Something shameful you should know: until I went to college I had never eaten a hamburger, or a strawberry, or tomato sauce. And sadly, it took even longer for me to try asparagus, plums, lamb, holiday stuffing, and scallops. If you’re wondering what I ate for the first 17 years of my life, it was mostly chicken nuggets, Fritos, cookies, and wheat bread buttered with margarine. And I went through a pretty gross german-bologna period between third and fifth grade.
Recently, in an effort to remove the bulk of simple carbs from my diet, I’ve been moved to experiment with cauliflower AND IT”S AWESOME!
Maybe you’re thinking that cauliflower is broccoli’s boring cousin and, if you eat it steamed or boiled, I would agree. However, if you steam it and then mash it with butter (delicious golden grassfed, like Kerrygold, which you can find in the supermarket) and some salt, pepper, and seasoning it is super delicious and so good for you!
Seasoning tangent: seasoning blends are a strangely personal item–my mother’s family uses Bell’s Seasoning as the secret ingredient in their Irish(-American) Potato Stuffing, and it is the single most important item in my pantry. You can buy it in almost any supermarket in New England in the spice section and, surprisingly, I even found some at Central Market while I was living in Austin, TX. Because we are moving to Florida soon, I’ve started collecting a small hoard. Additionally, I have an irrational fear that when I move away they will stop producing this product. Why? Not sure, feel free to speculate and pass judgements, but please buy some and love it and keep Bell’s in business. I need it for both my stuffing and my mashed cauliflower.
At any rate, I’ve found that there’s a sort of regional, familial, cultural, sometimes maternal (or paternal, I went to college for Gender Studies so…I’m open to whatever) connection to spices. A colleague in Texas used to talk about Everglades Seasoning and has it shipped to Austin from Florida, my best friend recently shared her newfound love for Herbamare with me (she’s on a weight-loss journey and MTV is filming it!), and I’ve known some people to have intense feelings for Mrs. Dash (which I don’t really understand). I think when you develop an affection for a particular ingredient (which sounds ridiculous but it isn’t) you’ve really come into your own as a cook and started to cultivate your own style.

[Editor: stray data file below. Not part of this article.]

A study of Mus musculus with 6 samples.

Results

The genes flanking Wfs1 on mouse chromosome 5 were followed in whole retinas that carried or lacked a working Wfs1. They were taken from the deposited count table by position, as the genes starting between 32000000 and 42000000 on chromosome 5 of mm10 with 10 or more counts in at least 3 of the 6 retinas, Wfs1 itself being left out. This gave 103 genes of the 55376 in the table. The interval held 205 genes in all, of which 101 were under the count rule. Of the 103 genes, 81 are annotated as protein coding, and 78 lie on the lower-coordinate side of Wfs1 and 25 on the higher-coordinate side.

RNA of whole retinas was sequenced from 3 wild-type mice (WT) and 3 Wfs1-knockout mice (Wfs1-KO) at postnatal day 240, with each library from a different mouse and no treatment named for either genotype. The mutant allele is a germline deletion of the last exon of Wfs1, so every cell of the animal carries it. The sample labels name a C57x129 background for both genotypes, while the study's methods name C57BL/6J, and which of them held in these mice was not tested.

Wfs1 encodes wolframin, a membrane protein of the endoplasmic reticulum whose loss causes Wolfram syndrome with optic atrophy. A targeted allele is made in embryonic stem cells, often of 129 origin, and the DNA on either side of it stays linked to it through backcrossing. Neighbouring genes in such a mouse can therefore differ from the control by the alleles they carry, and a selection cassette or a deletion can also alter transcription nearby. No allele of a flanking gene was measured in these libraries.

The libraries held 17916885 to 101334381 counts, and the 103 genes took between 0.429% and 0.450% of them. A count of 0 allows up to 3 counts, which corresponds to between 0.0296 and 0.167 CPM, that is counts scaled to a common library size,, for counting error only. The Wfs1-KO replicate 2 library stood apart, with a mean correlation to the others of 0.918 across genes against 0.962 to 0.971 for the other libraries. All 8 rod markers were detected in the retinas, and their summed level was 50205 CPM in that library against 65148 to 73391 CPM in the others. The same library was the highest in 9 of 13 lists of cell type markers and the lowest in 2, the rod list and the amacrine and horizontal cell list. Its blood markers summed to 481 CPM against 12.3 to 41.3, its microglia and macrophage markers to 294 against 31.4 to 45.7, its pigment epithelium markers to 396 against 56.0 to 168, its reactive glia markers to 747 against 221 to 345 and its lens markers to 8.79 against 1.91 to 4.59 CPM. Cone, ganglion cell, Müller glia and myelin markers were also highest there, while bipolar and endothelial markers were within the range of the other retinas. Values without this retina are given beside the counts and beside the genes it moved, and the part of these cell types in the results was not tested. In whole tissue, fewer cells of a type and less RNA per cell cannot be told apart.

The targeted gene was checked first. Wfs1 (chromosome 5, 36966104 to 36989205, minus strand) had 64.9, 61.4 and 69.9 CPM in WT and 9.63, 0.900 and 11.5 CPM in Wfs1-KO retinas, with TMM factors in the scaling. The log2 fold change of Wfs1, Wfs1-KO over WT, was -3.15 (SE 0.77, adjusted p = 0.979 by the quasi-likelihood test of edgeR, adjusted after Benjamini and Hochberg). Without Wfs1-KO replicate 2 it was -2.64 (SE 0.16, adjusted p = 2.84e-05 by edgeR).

Faux Mashed Potatoes/Badass Mashed Cauliflower
1 Head of Cauliflower
1-2 Tbs. Butter
The Kitchen Science
1) Rinse your cauliflower and chop it into medium-sized pieces, discarding the leaves and big chunks of stem.
2) Place a steamer basket in a saucepan large enough to hold all that delicious cauliflower. Put some water in the bottom of the pot, not so much that the water seeps into the basket.Toss in the cauliflower and put on the lid. Steam for about 10 minutes (I usually just leave it on the stove while I’m busy making the rest of my meal, so long as the water doesn’t all boil out you can’t really overcook this).
3) Remove the cauliflower and drain the water from the pot. Return the cauliflower to the pot and add the butter, starting with a little and tasting as you go, and a teaspoon of salt, pepper, and Bell’s. Mash it with a potato masher, use your immersion blending stick, or skip the pot and use a food processor to combine. Cauliflower has almost no taste whatsoever so if you like your food buttery/salty/peppery/delicious, taste it after it’s mashed and adjust the seasoning accordingly. Try adding garlic, topping with bacon bits, or whatever you would normally do to potatoes.
4) Serve hot or freeze/fridge in an airtight container for later. This will reheat surprisingly well so save your leftovers!
This dish is so easy to make, why would you bother washing and peeling and cutting up potatoes? Always keep in mind that with simple dishes the ingredients matter–fresh veg, quality butter, some sea-salt or fresh-ground black pepper will really make it delicious. (If you’re in a pinch, I bet you could make this with frozen cauliflower.)